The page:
Moral Relativism and Modern Times

Trying to learn some history but the relentless political correctness of leftist authors makes you nauseous?  You need a change of pace. Try Modern Times by Paul Johnson.  It’s still politically correct, but it’s the masculine, almost Rhodesian political correctness of the right instead of the pecksniffing, pathologically pious political correctness of the left.  In accordance with the rules of modern historiography, all the important players are sorted into bad guys and good guys, but the roles are reversed:  Harding and Coolidge and good guys and Roosevelt and the New Dealers are bad guys. 

According to Johnson, the bad guys became evil because they abandoned Judeo-Christian morality, source of such uplifting triumphs of the objective good as the hanging and burning of several hundred thousand “witches,” centuries of genocidal attacks on the Jews, and religious wars beyond counting.  The bad guys, on the other hand, are all “moral relativists.”  In case you’re wondering what a “moral relativist” is, the Stanford Encyclopedia of Philosophy has a very good article about it.  In short, a “moral relativist” is anyone who differs with you touching matters of morality.  As the Stanford Encyclopedia puts it:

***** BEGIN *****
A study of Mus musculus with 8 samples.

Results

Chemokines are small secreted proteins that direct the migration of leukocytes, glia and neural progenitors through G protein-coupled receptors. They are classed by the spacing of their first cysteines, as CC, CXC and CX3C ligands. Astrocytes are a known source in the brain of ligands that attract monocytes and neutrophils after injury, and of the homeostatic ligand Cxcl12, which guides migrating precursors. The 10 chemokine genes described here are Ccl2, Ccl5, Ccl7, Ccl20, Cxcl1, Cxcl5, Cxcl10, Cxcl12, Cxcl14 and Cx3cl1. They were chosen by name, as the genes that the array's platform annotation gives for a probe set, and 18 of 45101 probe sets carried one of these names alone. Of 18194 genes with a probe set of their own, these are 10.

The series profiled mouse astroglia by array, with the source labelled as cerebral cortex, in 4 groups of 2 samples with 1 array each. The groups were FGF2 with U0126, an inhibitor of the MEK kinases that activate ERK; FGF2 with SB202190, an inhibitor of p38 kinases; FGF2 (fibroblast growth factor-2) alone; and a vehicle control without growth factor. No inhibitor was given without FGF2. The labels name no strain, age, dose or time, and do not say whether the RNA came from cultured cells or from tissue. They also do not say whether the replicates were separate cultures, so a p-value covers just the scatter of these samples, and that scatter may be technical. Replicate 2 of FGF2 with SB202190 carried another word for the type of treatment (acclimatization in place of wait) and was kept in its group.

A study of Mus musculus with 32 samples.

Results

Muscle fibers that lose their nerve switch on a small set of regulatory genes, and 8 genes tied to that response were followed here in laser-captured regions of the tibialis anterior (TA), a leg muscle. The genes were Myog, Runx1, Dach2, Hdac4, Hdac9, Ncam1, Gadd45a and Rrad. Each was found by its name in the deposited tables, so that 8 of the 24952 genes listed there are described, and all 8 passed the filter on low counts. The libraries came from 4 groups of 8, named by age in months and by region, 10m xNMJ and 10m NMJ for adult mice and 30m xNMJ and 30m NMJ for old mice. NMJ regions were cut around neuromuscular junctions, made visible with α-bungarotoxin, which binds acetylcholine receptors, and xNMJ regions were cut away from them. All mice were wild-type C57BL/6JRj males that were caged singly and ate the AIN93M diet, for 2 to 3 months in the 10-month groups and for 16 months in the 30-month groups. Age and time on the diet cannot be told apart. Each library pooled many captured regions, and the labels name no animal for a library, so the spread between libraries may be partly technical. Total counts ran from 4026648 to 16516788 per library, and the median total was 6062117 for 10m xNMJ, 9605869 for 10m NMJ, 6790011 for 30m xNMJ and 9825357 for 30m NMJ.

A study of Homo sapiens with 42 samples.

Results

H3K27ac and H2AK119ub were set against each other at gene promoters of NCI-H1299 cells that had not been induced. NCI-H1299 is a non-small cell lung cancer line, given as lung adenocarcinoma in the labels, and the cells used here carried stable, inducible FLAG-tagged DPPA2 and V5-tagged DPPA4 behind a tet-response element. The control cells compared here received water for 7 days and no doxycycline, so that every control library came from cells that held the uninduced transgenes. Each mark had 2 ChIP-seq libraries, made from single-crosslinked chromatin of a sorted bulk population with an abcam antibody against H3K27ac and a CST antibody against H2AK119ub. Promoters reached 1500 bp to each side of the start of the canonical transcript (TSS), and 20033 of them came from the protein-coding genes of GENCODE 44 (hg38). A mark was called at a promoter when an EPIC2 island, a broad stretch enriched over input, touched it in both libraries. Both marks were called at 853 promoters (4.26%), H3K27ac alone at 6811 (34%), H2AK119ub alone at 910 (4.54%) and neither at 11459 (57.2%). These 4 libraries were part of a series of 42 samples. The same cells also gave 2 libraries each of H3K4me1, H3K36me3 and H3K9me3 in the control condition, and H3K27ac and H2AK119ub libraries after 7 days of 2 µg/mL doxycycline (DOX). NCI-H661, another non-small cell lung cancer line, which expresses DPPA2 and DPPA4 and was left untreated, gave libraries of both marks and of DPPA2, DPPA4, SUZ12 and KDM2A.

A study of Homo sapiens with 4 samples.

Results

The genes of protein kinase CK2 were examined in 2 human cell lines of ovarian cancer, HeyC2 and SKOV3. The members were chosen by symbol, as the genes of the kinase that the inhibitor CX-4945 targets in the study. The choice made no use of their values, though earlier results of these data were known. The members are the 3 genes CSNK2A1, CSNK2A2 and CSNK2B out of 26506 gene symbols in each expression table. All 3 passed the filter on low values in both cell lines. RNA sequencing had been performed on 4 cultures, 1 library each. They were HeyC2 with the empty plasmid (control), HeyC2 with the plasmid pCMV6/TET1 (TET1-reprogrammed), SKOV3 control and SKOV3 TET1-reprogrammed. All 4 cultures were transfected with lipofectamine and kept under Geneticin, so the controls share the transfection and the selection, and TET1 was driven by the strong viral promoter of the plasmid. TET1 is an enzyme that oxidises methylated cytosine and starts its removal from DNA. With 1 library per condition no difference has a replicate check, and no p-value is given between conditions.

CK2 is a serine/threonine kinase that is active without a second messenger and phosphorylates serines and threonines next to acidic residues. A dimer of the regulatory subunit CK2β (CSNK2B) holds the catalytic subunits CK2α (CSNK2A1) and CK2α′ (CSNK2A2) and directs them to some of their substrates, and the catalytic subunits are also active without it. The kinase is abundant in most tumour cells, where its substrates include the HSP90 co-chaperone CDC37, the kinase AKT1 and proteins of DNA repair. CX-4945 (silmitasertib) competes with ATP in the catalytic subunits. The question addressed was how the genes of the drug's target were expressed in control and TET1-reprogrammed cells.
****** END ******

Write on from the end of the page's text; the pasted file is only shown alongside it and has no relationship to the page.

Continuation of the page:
Moral relativism has the unusual distinction—both within philosophy and outside it—of being attributed to others, almost always as a criticism, far more often than it is explicitly professed by anyone.

Johnson’s own version of “objective morality” at least has the virtue of being idiosyncratic.  Where academic leftists would use the phrase, “You have to break some eggs to make an omelet” to rationalize the crimes of Stalin, Johnson would be more likely to use it to rationalize Franco’s shooting of more than 150,000 helpless victims after his victory in the Spanish Civil War.  He speaks of the matter as if it were a mere bagatelle, and, after all, Franco was an upholder of “Judeo-Christian morality.” 

Be that as it may, Modern Times is no hack journalist’s history.  Johnson has a profound knowledge of the events he describes, and has much of interest to say about the intellectual currents and personalities of the 20th century.  Any history with such a broad scope is bound to transmute complex human beings into wooden dummies.  That’s not Johnson’s fault.  Given the nature of his book, he’s done his job if he at least points them out to you.  Finding the human being beneath the wooden shell is always something you’ll have to do on your own.